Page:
Alice Hoffman's The Dovekeepers shows us a world where doves, in addition to serving day-to-day purposes, represent so much more. Along with their close cousin, the pigeon, doves make up the bird family Columbidae. And while they're often thought of as bright white birds, with over 300 species, they actually come in all shapes and sizes.
Throughout the ages, steeped in rich tradition and lore, doves have served to symbolize many aspects connected with the "Divine." In the ancient world, the dove was a symbol for the Mother goddess, the "feminine divine". Doves served as icons of fertility and procreation and were associated with the goddesses Ishtar, Astarte, Aphrodite and the early Judaic goddess of Canaan, Asherah (statue pictured). Early Israelites believed Asherah to be the consort of their god Yahweh. As the Judaic religion evolved, the dove came to represent the feminine spirit of God and God's love for his people. White doves, a sign of immaculacy, were sacrificed as offerings, both as restitution for guilty acts and as a rite of purification. The gospel of Luke states that Mary and Joseph went to the Temple and sacrificed two doves after Jesus was born, as prescribed by law.
Appearing throughout the Bible, the dove was also regarded as oracular, a means by which the divine could communicate with man. Noah sent a dove out in search of land. When the dove returned holding an olive branch in its beak, Noah knew it was safe to leave the ark - a sign from God that penance had been served.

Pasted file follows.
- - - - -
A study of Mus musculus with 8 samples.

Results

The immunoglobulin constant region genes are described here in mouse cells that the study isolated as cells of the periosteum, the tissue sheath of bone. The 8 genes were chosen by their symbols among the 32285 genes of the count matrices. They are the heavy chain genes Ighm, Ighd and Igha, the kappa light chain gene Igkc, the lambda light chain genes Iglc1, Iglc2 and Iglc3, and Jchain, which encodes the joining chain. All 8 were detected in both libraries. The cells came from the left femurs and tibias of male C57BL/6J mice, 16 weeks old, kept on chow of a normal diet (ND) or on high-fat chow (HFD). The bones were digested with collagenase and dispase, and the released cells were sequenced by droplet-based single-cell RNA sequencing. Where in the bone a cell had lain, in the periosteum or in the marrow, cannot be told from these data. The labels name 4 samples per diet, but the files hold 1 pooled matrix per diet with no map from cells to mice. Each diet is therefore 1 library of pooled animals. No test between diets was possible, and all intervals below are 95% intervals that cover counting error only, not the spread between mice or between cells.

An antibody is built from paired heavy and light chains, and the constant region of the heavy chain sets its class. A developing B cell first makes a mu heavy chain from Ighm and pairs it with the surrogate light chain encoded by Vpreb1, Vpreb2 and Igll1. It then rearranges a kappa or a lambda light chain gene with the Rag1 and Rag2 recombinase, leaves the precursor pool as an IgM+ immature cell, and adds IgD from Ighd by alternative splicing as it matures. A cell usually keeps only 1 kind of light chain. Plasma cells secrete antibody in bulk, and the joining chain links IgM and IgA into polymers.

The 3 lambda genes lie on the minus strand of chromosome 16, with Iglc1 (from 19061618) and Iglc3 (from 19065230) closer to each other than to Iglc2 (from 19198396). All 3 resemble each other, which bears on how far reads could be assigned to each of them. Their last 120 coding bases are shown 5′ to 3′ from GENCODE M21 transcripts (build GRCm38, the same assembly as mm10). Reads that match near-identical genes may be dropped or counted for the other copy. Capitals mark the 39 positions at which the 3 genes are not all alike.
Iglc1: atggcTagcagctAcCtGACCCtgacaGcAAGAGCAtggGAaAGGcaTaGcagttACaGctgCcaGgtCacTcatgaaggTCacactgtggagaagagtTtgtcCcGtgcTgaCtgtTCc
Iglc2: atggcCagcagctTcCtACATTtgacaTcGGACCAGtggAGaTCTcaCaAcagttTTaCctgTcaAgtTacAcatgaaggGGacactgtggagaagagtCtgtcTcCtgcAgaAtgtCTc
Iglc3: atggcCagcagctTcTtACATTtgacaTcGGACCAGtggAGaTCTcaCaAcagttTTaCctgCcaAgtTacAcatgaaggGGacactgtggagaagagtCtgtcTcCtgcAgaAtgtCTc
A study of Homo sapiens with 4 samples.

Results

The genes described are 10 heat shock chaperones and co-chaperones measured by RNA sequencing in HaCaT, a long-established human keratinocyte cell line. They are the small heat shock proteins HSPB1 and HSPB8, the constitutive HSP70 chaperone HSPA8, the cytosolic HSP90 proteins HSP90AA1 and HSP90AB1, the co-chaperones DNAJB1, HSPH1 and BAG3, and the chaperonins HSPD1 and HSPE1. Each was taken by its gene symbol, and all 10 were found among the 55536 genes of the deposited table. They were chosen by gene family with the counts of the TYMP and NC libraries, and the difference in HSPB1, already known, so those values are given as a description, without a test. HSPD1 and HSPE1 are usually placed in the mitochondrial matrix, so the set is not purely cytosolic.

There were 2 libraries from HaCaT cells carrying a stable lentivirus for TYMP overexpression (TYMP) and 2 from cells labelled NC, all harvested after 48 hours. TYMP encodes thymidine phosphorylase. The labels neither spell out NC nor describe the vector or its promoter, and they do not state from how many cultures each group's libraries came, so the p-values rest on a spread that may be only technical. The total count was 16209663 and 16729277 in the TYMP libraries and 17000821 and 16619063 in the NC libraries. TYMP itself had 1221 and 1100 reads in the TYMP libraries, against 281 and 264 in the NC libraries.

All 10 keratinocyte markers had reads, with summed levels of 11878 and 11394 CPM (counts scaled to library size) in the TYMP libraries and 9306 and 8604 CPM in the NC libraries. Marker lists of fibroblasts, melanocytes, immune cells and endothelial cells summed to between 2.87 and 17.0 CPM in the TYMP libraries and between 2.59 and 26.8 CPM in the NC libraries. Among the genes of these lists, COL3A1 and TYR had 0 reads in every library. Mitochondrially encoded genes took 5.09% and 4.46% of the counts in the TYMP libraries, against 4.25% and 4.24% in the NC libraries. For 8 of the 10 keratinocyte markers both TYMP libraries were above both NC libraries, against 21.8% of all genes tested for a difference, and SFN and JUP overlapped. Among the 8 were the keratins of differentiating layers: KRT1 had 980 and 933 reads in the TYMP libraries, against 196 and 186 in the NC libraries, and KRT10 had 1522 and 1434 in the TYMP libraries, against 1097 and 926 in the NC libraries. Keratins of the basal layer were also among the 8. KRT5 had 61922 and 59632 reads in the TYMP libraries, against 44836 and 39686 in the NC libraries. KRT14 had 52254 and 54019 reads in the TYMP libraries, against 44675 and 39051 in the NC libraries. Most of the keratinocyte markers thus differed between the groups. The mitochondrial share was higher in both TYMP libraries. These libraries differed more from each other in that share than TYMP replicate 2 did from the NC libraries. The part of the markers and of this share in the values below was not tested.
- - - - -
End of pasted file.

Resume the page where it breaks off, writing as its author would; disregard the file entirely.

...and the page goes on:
According to the Pet Doves website, these birds remain faithfully monogamous to their mates; "Dove couples who have bonded with each other will remain together for life unless separated by death or other means beyond their control. They will defend and protect each other..." This fact explains why doves are also seen as symbols of love and loyalty.
As time has progressed, Christian lore has used the dove to represent the Holy Spirit or "heavenly messenger." In Circlot's A Dictionary of Symbols, the dove "is also symbolic of souls, a motif which is common in Visigothic and Romanesque art. Christianity, inspired in the Scriptures, depicts the third person in the Trinity - the Holy Ghost - in the shape of a dove, although he is also represented by the image of a tongue of Pentecostal fire." This illuminates why, in art doves are frequently depicted hovering over the heads of saints or flying into their mouths - a sign of God's spirit and divine authority. As an extension of that symbol, today's modern Western world often considers the dove an icon of innocence, love, gentleness and Peace.
This article is from the April 4, 2012 issue of BookBrowse Recommends.